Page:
Working Together, Separately: How We Do It

Tell us if this ol’ COVID kick in the teeth sounds familiar? Add about seven video chats to your daily onslaught of emails, panicked texts and skull-drubbing conference calls. 

Welcome to the abnormally new normal. 

COVID’s impact has affected almost everything — with one exception. Since we’ve been working remotely together all along, our 2020 partner dynamic is old hat. Like the movie “Groundhog Day,” but with face masks and a few bandanas. 

For companies with multiple offices, there can be hundreds of miles between employees. Not to mention, it’s been months since we were in the same city and office together. And yet it works because we spend a metric crap ton of time talking screen to screen and being goofy. 

We’re not remote work experts. But what we do have is the ability to go all in on this working style. Here’s how to embrace it:



Acceptance. This isn’t a temporary fix. It is the fix. If we want to work together, this is the only answer. Doesn’t work without emotional buy-in. Short-term toleration is very different from leaning in for the long haul.

Getting out of the way. Over-communication and micro-management become distance overcompensation traps. For us, management has seen we have chi remotely, so  they let go and let us run with it. 

Trust-falls. The creative process doesn’t change just because you move from a conference room to a couch. The principles are still the same. Trust in the creative process. If you keep each other honest, it’ll work the same way it always has.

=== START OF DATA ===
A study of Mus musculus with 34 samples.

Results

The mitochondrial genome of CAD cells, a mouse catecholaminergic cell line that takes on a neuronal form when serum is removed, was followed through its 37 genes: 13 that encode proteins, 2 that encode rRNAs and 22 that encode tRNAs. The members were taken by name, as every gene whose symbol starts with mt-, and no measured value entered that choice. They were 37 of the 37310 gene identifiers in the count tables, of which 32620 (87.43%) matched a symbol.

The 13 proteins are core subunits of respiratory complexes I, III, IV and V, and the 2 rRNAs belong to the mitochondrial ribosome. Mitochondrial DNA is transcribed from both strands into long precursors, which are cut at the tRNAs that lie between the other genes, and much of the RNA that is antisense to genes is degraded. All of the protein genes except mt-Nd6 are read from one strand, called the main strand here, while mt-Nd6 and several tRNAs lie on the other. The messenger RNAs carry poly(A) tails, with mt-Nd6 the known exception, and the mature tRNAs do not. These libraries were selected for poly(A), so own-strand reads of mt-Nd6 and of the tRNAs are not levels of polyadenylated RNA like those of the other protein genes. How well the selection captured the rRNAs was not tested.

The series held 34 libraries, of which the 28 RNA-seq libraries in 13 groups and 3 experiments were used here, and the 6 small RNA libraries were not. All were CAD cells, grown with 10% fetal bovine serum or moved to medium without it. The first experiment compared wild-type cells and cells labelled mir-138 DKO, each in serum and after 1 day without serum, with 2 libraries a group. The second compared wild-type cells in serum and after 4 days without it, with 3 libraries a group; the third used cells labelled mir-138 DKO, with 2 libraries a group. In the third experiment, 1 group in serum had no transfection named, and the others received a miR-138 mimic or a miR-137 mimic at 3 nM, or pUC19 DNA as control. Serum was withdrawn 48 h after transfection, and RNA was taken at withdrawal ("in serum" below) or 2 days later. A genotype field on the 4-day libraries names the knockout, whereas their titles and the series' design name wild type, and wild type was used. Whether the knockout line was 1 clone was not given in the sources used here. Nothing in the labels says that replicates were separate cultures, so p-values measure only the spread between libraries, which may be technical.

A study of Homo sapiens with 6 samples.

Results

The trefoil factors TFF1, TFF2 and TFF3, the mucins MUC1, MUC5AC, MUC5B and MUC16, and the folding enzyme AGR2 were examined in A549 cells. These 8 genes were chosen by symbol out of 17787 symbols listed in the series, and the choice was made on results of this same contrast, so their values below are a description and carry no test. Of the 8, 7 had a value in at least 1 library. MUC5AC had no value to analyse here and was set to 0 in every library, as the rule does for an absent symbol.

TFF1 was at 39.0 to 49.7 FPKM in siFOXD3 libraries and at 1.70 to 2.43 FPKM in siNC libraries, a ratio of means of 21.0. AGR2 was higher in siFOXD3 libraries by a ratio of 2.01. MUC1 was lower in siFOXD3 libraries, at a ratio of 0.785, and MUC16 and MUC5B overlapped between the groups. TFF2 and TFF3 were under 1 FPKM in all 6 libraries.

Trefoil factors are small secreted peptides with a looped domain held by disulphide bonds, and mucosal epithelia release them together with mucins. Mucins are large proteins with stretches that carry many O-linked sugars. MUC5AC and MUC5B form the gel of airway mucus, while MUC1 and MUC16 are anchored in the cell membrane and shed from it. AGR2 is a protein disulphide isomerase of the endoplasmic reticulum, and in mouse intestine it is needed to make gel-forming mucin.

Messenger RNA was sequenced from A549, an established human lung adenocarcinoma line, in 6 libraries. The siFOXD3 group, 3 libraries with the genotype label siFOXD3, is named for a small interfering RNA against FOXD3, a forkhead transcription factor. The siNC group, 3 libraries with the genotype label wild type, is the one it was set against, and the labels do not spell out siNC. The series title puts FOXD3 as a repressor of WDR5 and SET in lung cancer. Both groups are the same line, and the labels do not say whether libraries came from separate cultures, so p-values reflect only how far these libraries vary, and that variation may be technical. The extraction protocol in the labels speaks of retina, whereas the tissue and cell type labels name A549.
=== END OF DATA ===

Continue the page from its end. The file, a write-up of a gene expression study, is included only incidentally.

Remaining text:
Work unfiltered. Embrace the idea of working with a small kid in your lap. Just get a good set of headphones — or assign older kids a chore. They’ll disappear for hours.

Culture clubbing. Treat your co-workers the same way you would during a hallway conversation. Make jokes, tell stories or tease them mercilessly. That type of interaction is your company culture. Your video calls should have that energy. 

Transparency. Clients  or vendors can feel when you’ve put in the effort. Doesn’t matter if you’re in the room or on their computer screen. Be who you’ve always been. Just maybe without pants now.

Have fun. Operate with a creative philosophy that if you’re not having fun or feeling satisfied, you’re doing something wrong. Make a change.

Platform fluidity. The ways we connect now are very different, but the reasons why are still the same. There’s an emotional bond at the core. Humor, similar histories, whatever. How we connect doesn’t matter as long as we connect: with text messages, phone calls or a whole bunch of video chats.

So welcome back to the same old, same old. There’s an art to communicating this way. If we’re able to do it with each other, in theory we should be able to do that with our potential audience. Isn’t that really what the job is to begin with?